Golf: English trio poised for major breakthrough
They all have the same goals this week at Merion Golf Club.
The want to finally win a first major after years of frustrations, to become the first Englishman to win the US Open since Tony Jacklin 43 years ago, and the first to win a major since Nick Faldo 17 years ago.
Success for one of them would make him an instant sporting hero back home in Britain and clear the way for further tilts at major titles without the heavy weight of expectations on his shoulders.
Both Donald and Rose were in the lead or in a share of the lead during the third round, but Donald closed with a double bogey six and Rose bogeyed the last two holes.
Donald said that fatigue could have been a factor in his fluffed approach shot to the tough 18th, which saw his ball disappear into thick rough to the right of the green.
He could only hack out to the back of the green and he took three to get down from there.
“I should have done better. It was disappointing,” he said.
“But I’ll take the positives out of today, a really solid 16 holes of golf that I played and I’m only two back.”
The 35-year-old Donald said that if he had inspiration to draw for Sunday’s showdown, it would be from the player who leads him by two shots — Phil Mickelson.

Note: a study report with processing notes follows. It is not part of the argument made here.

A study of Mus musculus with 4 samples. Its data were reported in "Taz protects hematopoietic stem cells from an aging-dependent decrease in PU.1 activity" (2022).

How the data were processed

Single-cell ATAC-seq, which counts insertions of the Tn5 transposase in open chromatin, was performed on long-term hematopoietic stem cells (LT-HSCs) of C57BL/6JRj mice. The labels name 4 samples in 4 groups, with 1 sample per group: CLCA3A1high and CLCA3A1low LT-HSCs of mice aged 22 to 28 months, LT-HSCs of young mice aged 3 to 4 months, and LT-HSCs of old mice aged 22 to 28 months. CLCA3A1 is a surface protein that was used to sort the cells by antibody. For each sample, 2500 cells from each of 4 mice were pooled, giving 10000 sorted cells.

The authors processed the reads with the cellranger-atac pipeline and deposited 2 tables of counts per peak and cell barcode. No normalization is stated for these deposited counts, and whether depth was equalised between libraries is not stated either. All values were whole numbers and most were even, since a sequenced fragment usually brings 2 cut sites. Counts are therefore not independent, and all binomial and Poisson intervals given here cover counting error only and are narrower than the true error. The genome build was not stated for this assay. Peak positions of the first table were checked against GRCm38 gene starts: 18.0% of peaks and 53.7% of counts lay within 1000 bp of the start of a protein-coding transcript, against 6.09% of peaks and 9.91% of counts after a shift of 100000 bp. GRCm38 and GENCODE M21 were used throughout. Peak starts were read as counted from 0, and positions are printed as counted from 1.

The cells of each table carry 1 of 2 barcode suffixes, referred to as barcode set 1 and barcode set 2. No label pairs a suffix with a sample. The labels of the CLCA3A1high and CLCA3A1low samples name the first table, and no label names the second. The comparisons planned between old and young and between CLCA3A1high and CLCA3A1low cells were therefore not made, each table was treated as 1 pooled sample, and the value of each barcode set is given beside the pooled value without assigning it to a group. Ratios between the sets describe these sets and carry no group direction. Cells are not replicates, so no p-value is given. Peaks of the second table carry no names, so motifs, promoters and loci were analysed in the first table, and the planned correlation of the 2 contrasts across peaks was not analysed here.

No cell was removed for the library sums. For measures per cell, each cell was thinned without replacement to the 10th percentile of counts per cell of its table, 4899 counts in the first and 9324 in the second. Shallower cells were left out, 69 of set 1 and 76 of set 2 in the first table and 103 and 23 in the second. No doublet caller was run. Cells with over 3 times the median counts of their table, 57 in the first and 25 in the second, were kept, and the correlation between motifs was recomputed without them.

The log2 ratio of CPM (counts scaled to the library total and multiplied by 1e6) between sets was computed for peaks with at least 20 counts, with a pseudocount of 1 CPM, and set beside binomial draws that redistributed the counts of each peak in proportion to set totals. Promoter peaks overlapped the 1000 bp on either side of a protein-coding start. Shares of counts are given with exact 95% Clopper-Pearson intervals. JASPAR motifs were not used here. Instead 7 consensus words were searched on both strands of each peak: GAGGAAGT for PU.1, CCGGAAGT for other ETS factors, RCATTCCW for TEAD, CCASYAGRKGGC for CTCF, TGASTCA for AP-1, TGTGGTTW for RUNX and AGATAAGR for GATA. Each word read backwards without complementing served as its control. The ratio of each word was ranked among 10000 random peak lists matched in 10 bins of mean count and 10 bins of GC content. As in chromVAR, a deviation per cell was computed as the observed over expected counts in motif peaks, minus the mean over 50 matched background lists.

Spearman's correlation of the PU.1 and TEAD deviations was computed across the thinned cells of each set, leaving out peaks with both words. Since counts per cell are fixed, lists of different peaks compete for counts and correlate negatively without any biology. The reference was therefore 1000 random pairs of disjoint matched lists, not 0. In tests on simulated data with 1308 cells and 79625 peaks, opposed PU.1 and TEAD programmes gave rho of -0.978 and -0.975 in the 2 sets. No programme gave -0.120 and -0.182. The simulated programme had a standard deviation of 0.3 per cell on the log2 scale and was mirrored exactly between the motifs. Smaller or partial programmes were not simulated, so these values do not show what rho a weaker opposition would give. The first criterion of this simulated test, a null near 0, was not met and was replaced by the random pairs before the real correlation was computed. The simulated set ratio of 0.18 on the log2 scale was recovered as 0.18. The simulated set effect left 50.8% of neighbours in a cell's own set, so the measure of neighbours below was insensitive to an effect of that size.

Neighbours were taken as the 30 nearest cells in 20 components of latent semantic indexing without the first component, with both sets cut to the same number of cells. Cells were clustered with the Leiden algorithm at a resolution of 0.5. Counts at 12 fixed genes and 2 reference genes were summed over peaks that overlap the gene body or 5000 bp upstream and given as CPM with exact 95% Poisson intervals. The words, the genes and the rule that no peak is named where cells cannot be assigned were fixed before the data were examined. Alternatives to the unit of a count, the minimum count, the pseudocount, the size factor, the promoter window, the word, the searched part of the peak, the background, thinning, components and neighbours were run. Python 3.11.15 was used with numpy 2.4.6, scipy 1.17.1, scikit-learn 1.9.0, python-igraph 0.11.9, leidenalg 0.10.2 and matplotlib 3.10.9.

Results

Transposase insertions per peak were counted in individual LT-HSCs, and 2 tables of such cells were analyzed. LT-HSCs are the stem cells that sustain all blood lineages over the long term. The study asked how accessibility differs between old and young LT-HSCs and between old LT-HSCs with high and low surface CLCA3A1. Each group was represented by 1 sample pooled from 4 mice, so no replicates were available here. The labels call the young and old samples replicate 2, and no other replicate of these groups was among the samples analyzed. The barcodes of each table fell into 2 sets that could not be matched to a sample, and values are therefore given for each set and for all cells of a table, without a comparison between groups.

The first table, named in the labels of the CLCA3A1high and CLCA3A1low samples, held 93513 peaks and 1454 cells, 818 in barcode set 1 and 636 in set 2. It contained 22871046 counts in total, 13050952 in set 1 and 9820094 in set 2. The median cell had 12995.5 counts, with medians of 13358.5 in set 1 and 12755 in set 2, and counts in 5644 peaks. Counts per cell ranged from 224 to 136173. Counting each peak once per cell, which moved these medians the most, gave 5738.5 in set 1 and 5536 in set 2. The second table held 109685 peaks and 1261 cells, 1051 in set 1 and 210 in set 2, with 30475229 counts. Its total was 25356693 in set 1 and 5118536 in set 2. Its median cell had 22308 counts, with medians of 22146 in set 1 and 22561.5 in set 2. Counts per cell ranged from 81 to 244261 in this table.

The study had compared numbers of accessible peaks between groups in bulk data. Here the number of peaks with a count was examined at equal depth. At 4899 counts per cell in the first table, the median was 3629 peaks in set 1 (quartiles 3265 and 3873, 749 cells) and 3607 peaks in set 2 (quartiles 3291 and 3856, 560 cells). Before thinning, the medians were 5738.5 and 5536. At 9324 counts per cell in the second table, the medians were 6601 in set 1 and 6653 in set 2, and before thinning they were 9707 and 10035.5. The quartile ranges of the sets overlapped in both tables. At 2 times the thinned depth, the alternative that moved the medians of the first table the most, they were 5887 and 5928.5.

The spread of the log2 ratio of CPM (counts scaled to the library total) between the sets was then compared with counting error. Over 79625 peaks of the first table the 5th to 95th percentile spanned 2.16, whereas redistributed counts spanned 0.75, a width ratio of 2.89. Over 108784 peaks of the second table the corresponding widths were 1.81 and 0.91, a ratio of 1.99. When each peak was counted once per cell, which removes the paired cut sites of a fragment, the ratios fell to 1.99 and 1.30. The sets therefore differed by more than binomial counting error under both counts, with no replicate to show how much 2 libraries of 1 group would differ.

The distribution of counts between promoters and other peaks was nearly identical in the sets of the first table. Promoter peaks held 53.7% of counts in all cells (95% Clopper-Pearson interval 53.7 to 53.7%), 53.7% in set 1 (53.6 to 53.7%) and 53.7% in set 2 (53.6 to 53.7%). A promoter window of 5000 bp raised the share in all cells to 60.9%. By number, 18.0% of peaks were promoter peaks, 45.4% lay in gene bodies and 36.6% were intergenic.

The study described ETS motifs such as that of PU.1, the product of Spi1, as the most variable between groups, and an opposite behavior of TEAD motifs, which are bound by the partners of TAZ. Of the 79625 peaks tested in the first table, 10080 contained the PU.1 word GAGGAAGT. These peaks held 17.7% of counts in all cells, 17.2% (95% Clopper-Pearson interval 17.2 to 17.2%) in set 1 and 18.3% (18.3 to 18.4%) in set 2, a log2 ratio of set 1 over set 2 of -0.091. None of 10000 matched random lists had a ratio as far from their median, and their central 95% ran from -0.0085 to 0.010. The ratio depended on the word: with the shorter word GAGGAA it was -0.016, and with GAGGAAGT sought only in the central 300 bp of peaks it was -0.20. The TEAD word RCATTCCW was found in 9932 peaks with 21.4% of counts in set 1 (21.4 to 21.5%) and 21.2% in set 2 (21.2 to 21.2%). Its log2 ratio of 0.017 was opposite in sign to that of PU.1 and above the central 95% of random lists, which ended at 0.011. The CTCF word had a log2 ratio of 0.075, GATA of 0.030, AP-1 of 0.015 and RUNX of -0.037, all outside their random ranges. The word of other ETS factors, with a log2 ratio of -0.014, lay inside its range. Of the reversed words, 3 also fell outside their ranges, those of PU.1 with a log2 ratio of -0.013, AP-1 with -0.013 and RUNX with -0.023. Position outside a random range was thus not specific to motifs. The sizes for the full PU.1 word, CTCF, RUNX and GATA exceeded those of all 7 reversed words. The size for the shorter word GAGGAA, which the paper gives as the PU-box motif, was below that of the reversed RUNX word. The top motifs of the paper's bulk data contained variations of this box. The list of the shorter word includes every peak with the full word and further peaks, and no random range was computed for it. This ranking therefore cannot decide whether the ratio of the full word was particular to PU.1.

“When you look at Phil, he started winning majors around 34 or 35. So I think that I have some time on my side, luckily, in this game.
“Of course that’s my goal. I want to win majors. I got to number one in the world and I’ve won a great amount of tournaments around the world, but I would dearly love to win one of these.”
The inspiration for 32-year-old Rose comes from another source, Australia’s Adam Scott, who finally won his first major at the same age in the Masters in April.
“I feel like this week’s been a good learning curve for me. I’ve not stumbled, but I’ve worked,” he said.
“Like Adam Scott, for example, he knows exactly what’s worked for him in terms of preparation for majors and I feel like this week’s been a big learning curve for me for what I can take forward as well.”
Rose, like Donald, is two shots behind Mickelson, but says that such is the severity of Merion, especially over the last five holes, that no lead is safe until the last putt drops and he fancies his own chances.
“One or two shots on this golf course can disappear in a heartbeat,” he said.
“There’s a lot of momentum swings out here. I feel like I’m in great position.
“If you would have said to me Thursday morning, ‘Hey, this is where you’re going to be entering Sunday,’ I would absolutely have taken it.”
The task for Poulter is tougher as the 73 he shot left him six shots off the pace set by Mickelson with nine other players — including Donald and Rose — ahead of him.
That was due to an errant tee-shot at the 15th, which he said was the only stain on what had otherwise been a solid enough round of golf.
“I hit one poor shot all day; that was that tee shot on 15,” he said.
“I hit the same club, the second time around hit it in the middle of the fairway, hit it to 12 feet, easy double bogey.”